If you’re anything like me (and I know you are), you’ve got hangers of clothes in your closet that probably haven’t seen rotation since 2005. Rather than get rid of some potential gems, recreate them into wearable pieces by upcycling.
If you’re anything like me (and I know you are), you’ve got hangers of clothes in your closet that probably haven’t seen rotation since 2005. You’re desperately hoping that the clothes draping from those forlorn plastic (please tell me they aren’t wire) hangers will come back into fashion. Isn’t that what happens? Everything old is new again? While that may certainly be true in some cases, I’m hoping bubble dresses never see the light of day again. Most of the clothing in your closet that you don’t wear now, probably never will get worn again unless you give it new life or pass it on to someone who cares.
Deconstructing and revamping items in one’s closet has become a culture in itself. The blogs, books, and videos outlining how to do-it-yourself seem to be multiplying by the day. Whether you know how to sew or are more likely to sew your fingers together than any fabric, you can either take a chance on a DIY project or send your collectables to a tailor. One is light on your pocketbook; the other can be rather costly. Take your pick.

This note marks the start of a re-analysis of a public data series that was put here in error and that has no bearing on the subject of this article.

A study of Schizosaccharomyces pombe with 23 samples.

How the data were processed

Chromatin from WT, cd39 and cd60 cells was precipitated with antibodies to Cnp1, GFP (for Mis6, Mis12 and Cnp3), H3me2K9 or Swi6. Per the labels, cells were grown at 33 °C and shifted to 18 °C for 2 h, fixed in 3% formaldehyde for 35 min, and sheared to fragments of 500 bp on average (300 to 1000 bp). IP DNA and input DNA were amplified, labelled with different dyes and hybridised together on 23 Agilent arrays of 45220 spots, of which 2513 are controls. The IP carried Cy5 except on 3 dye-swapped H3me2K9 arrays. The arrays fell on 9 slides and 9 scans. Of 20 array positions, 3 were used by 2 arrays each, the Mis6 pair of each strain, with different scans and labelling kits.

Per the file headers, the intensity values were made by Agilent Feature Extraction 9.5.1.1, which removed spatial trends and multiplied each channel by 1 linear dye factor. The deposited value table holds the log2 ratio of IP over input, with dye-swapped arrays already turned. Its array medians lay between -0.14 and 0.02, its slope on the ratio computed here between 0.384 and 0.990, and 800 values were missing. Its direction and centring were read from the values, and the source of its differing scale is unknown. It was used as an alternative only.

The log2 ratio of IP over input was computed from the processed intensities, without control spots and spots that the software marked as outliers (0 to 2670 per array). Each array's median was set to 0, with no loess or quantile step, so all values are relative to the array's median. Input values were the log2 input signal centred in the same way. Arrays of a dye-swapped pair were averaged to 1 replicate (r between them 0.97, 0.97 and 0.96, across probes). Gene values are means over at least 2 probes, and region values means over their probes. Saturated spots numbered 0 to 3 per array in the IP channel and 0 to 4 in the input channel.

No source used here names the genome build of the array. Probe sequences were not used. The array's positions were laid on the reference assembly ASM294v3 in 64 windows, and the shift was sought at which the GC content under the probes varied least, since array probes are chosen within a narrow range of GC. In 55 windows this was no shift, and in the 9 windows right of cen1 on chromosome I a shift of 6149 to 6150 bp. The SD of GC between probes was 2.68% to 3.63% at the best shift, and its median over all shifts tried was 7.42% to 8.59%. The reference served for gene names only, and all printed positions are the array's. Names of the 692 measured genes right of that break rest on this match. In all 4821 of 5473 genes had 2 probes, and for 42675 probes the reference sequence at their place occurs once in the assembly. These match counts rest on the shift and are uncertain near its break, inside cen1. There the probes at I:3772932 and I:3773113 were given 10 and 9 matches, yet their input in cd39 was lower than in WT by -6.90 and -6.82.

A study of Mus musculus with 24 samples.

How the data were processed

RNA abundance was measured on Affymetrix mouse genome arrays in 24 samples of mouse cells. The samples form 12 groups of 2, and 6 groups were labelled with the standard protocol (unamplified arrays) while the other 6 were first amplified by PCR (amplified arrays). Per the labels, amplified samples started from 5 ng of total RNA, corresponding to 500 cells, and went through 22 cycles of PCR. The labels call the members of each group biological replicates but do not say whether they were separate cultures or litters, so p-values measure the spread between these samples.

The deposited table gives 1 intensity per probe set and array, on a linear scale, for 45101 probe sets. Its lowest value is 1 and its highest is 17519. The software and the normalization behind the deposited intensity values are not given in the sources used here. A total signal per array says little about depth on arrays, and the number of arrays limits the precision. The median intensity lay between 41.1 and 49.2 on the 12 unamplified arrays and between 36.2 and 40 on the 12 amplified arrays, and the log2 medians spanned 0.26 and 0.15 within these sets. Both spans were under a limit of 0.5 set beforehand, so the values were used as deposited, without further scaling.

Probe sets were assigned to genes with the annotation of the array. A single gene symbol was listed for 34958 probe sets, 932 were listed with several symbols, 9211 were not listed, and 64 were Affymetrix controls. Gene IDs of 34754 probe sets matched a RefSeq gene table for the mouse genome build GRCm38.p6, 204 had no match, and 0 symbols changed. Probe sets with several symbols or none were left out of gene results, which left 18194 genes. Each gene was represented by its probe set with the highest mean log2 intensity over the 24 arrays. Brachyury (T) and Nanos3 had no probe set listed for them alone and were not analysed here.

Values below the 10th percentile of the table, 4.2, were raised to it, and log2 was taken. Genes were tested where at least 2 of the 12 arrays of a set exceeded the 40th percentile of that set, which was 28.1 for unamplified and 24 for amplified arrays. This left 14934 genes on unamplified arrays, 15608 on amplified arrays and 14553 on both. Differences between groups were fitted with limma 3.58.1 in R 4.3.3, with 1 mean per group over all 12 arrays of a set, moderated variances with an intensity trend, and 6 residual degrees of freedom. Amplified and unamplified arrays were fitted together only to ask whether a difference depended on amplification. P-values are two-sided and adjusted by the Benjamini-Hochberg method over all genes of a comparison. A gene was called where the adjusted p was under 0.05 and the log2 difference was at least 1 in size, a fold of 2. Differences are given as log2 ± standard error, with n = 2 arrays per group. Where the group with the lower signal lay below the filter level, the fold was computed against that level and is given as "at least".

Here’s a little guide to get thrifty and get upcycling…
- Everybody has a yellowed or stained white t-shirt hidden in a drawer. There’s no rhyme or reason why we would keep such a shirt, but we do. Give them new colour by dunking them in dye. Experiment with tie-dye (go for less psychedelic, more fashion) or give them one solid new colour.
- Long peasant skirts with an elasticated waist make for short flirty dresses. Yank those skirts up a little higher to cover your chest and cinch at the waist with a belt. Voila! New outfit.
- Another easy t-shirt transformation is to give them a little snip. If you no longer care for a neckline, chop a new one or create a daring dip down the back. Too hot for sleeves? Cut them off. If you’re really daring and dextrous with thread, separate seams only to join together again with lace or buttons.
- Once you get more experienced with a sewing machine, turn a pair of jeans into a skirt by cutting the crotch seam and re-sewing it into a skirt shape. Or go the easy route and do what you did when you were a teenager – make cut-off shorts.
- Dresses that don’t tickle your fancy anymore can be snipped into skirts. This gets a bit trickier as you’ll most likely need to create a waistband. Take a look at skirts you already own or find a sewing website to get some ideas. Hint: paper bag style skirts are a great place to start.
Upcycling doesn’t have to just happen in your own closet. Once you’ve got your eye trained to discovering a garment’s potential, troll vintage and consignment stores to find clothes that could be redesigned for pennies.
Photo taken by Flickr Photographer Saxarocks - licensed under the Creative Commons license.